It's interesting to see that it's the rich people in America who are beginning to revolt against the low-tax/shitty public services environment in the US.
"I think that people at the high end -- people like myself -- should be paying a lot more in taxes. We have it better than we've ever had it," said Warren Buffett on TV last year.
Echoing Buffett last week was Irwin Jacobs, co-founder of Qualcomm , who said that tax rates should be raised in the US to help pay for better education.
He added that the shortage of well-trained workers was a major constraint to the running of Qualcomm while he was building it up.
Another mega-rich American, Craig Barrett, has been complaining for years about the standard of US education and every American, rich or poor, seems to complain about the state of the roads.
Raising tax levels in the US is difficult because even poor Americans seem to feel it is 'socialistic' and socialism is a dirty word in America.
I was touched a while back to be told by a US cab driver that he didn't agree with the health care bill because he thought the Founding Fathers would have expected every American to pay for his own health care.
I thought, but didn't say, that the Founding Fathers would more likely be appalled that the US system is now rigged so much in favour of the rich that ordinary working people can't properly support themselves, let alone afford health care.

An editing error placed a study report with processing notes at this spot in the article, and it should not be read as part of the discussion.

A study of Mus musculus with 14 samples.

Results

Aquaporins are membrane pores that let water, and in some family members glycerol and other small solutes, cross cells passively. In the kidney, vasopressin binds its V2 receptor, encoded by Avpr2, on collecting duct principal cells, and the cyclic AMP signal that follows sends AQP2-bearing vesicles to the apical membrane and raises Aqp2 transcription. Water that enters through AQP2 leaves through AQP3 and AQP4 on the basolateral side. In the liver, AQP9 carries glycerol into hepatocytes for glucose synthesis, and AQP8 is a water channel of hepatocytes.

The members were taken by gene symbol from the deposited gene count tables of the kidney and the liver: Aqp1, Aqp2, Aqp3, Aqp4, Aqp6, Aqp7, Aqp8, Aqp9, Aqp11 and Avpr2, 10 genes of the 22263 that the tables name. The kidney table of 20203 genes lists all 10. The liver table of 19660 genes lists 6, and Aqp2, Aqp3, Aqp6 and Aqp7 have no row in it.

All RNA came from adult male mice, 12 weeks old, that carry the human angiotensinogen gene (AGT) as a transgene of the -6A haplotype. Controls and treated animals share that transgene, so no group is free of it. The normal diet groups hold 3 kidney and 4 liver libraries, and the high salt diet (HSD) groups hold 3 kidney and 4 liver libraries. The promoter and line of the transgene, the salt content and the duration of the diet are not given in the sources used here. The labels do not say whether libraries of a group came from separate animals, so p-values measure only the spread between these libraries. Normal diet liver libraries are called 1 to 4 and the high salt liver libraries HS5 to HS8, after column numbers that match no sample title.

The current aristocracy of America is just as adept at rigging the system to enrich themselves at the expense of ordinary people as were the European aristocracies which the Founding Fathers wished to put behind them.
A lot of US industry is owned by private equity companies which, by using debt capital rather than equity capital, avoid paying tax on their profits while keeping wages low.
The US worker has not seen a pay rise in a decade, half the population lives on some form of federal welfare, 24% of the national income goes to 1% of the population and rich Americans have seen their personal taxes cut over the last decade,
It would be the first time in history that the rich have led a revolution to improve the lot of the majority of their fellow countrymen but, if Buffett, Barrett, Jacobs and their ilk were to do just that, it would be a wondrous thing to see.